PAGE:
Lights, camera, still!
An exhibition of stills by chitraloka.com has over 2000 pictures on display
VINTAGE VALUE The black and white photographs of a bygone era attract more attention
A massive collection of Kannada film stills is on display in the city.
Filmmaking in India has a long and chequered history. Today, as the leading film producer in the world, the country can pride itself for creating an industry which not only nurtures its stars but also a wide variety of technicians. However, the quality and substance of Indian films is a matter of debate and dispute. Lack of quality cinema critics, absence of inspired discussions on cinema and inability to produce and cultivate an archival culture are some of the glaring lacunae in our cinematic tradition. There is also a dearth of high quality books on cinema; getting even simple information about films, stars and technicians often becomes a Herculean task.
Given this context, what film journalist Veeresh has done is indeed laudable. The Editor of Chitraloka, a mega portal of Kannada cinema, has over several years managed to possess more than 50,000 film stills. According to him, there have been more than 2,500 films produced in Kannada since 1934 and he has come to acquire film stills of all but 60 odd films. This is a remarkable achievement by any standards.
Displayed in the exhibition are more than 2000 stills. "There were suggestions that I group them in terms of individual film stars, but I have refrained from doing so," says Veeresh. Instead, he has chosen to display them in a chronological manner. What one gets to see, therefore, is a massive set of film stills from the mid-1930s. Each photograph carries the year of its release and the name of the film.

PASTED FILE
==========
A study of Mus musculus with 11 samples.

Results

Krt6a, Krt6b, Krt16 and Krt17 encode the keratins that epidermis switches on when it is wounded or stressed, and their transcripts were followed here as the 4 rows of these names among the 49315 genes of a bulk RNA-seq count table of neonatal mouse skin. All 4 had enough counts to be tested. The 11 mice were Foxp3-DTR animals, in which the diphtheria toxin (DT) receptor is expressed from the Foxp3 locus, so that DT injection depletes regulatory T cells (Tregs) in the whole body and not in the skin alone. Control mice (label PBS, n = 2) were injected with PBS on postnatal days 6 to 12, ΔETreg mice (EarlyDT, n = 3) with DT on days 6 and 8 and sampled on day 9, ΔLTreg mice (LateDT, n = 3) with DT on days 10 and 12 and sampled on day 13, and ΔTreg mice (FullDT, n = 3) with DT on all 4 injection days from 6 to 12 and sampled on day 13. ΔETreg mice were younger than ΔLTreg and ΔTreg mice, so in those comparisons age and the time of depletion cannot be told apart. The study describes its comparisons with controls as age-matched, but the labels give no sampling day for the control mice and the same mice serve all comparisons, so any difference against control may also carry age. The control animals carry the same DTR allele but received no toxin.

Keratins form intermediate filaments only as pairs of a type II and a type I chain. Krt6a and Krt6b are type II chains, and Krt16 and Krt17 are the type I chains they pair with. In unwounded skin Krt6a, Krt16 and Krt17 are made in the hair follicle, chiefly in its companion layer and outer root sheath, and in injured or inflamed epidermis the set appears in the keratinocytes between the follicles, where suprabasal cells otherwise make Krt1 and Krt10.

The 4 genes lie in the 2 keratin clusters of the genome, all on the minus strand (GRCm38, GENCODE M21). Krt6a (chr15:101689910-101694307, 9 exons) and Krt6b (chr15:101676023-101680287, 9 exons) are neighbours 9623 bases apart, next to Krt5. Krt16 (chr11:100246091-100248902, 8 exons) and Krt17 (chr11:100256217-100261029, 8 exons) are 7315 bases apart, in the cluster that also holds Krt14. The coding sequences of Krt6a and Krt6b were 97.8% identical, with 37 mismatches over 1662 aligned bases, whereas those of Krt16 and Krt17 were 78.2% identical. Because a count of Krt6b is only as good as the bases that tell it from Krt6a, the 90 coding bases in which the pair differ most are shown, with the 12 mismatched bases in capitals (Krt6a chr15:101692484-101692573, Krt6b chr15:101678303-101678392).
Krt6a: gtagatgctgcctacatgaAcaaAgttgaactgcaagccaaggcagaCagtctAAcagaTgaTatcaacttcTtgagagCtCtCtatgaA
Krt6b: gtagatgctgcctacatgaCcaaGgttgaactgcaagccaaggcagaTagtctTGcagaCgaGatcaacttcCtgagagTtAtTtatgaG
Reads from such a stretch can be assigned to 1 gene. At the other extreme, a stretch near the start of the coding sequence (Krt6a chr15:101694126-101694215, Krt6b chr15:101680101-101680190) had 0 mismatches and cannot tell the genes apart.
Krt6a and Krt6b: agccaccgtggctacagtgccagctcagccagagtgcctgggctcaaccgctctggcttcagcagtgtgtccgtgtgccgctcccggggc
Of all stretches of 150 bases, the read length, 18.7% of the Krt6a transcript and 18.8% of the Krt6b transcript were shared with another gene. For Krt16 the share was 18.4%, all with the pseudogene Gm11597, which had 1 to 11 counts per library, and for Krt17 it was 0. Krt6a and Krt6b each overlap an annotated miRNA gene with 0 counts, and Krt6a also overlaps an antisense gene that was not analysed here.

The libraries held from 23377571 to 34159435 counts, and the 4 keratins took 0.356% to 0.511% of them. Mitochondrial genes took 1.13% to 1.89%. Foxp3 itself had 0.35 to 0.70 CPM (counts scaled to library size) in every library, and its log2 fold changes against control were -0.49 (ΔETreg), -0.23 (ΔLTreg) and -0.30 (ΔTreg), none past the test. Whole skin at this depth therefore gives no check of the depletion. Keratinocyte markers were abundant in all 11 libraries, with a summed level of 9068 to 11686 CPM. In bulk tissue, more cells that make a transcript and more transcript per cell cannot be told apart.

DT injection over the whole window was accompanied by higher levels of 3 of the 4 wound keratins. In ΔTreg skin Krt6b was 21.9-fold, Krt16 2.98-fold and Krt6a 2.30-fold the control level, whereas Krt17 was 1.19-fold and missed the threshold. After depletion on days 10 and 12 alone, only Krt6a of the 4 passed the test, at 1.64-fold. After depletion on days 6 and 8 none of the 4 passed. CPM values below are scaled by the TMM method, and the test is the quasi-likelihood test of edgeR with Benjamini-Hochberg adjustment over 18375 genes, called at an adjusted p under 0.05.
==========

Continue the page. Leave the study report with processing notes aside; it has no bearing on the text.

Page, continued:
There is drama and action, humour and passion, actors and stars, vamps and villains, supporting artistes and sidekicks all spooled into the display. Some have class, some are gross in content. Some are meant to attract and/or provoke, others to humour or titillate. The pictures often give away a part of the content; one comes to know whether it is a historical, social, mythological, love story, adventure, and so on. They also tell something about quality of lighting, costumes, make-up and the sets. For some reason, the black and white photographs of a bygone era attract more attention.
There are several drawbacks in the exhibition. One gets the impression that the show has been put up in haste and that undue focus is given to quantity rather than quality. Resultantly, the display is crammed and unappealing. Lighting too is inadequate particularly in some corners. Curatorial inputs are clearly lacking; a catalogue/information handout highlighting the different phases of development of the industry was imperative for such an effort.
In spite of these limitations, the exhibition, albeit temporarily, is able to transport the viewer into the make-believe world of cinema. It is educative as well. How many of us knew that the Kannada industry which has produced several nationally and internationally acclaimed films, has also to its credit titles such as Hats off India, Inspector Jhansi, Zabardast, Talwar, Surya the Great, Jennifer I love you, Kadlimatti Station Master, Kaasu iddone bossu, and more.
The exhibition concludes on August 20 at the Karnataka Film Chamber of Commerce, Sheshadripuram.